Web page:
In last week’s State of the Union address, President Barack Obama boasted that America’s younger students have earned the highest math and reading scores on record. As a nation, he said, “our high school graduation rate has hit an all-time high. And more Americans finish college than ever before.”
Also last week, a Politico piece called “The States of Our Union” named Minnesota the best state in the nation (tied with New Hampshire), in part because of our public education system. Indeed, the Minnesota Department of Education recently noted that our graduation rate is the highest it’s been in a decade, with almost 80 percent of high school seniors graduating.
While it’s true that some statistics are hopeful, a different picture emerges when we examine all the data. And if we really want Minnesota to be No. 1 for everyone, we must take a closer look at how our public schools serve all students, not just some.
As MinnCAN’s 2014 State of Minnesota Public Education report shows, in the class of 2013, 85 percent of white students graduated on time. Yet this figure drops to 59 percent for Latino students, 58 percent for black students, and 49 percent for Native American students. In other words, stubborn, nation-trailing achievement gaps persist in Minnesota.
This is the case not just for graduation rates, but also for measures of success across the K-12 continuum. In 2014, for example, 79 percent of white students were proficient on the fourth-grade reading MCA exams, compared to only 30 percent of Latino students, 29 percent of black students and 33 percent of Native American students. These proficiency gaps continue into the later grades, with eighth-grade MCA scores telling a similar story.
In fact, as MinnCAN’s report shows, we see significant gaps in every measure of academic achievement, from kindergarten readiness all the way up to college graduation rates.
My fellow Minnesotans, Politico may say we’re No. 1. But it’s time we become the best for all students.
Spending more — and passing the buck
In pragmatic terms, remember that our state’s achievement gaps mean more taxes, as some students must take the same classes twice — once in high school and once as a remedial class in college. And our gaps mean Minnesota high schools graduate students who are not proficient in reading and math, effectively passing the buck to others.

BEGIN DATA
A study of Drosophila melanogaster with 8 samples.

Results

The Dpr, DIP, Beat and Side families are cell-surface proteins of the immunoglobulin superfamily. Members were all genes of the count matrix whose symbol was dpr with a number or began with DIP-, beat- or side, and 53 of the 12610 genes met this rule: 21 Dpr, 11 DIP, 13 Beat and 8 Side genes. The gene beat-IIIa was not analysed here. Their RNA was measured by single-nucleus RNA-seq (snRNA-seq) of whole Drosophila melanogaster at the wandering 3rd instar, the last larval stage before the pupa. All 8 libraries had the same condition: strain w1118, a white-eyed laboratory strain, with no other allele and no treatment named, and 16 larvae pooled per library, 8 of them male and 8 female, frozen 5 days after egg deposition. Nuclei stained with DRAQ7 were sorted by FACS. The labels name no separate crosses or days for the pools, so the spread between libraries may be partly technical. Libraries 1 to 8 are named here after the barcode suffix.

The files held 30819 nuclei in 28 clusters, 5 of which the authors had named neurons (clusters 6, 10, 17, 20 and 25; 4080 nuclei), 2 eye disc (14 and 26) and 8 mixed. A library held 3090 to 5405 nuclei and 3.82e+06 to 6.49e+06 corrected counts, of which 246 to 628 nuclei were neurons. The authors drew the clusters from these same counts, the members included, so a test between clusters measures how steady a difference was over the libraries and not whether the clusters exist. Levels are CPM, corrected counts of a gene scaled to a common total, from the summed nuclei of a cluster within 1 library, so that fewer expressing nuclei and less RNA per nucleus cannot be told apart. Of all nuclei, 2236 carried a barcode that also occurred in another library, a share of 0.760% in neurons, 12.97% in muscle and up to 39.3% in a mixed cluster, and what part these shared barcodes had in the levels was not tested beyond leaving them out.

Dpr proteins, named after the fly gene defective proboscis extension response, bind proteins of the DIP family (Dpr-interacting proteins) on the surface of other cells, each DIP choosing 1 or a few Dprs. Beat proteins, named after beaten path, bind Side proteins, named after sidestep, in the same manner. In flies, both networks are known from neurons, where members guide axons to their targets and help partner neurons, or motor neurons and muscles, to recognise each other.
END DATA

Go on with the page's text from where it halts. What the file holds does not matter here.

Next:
More than that, these gaps mean we’re not helping all kids reach their full potential. And this despite changing-the-odds schools across the state proving that all kids — regardless of their background — can succeed.
I believe, as a state, we need to examine our own channels for equal opportunity and social mobility — for everyone — before we pat ourselves on the back over recent accolades that don’t tell the full picture.
There’s also some good news: During the 2015 legislative session, we can work together to pass smart policies that would improve opportunities for all Minnesotan kids.
Things we can do right away
We can, for example, ensure that our students’ No. 1 in-school factor for success — teachers — are the best that they can be. Let’s do this by guaranteeing that student teachers be placed with and learn best practices from highly effective veteran teachers, and by establishing more streamlined routes to Minnesota licensure for qualified teachers from other states. Both of these policies would help ensure that our students are taught by experts in their fields and that our teachers have clear paths to successful careers.
I don’t believe Minnesota is No. 1 just yet. But if we work to improve our public education and provide all Minnesota students the great teachers and schools they deserve, I believe we can certainly get there.
Ben Davis is an advocate and researcher working toward social justice, great schools, and education reform. He was previously a School Reform Blogging Fellow at MinnCAN: The Minnesota Campaign for Achievement Now.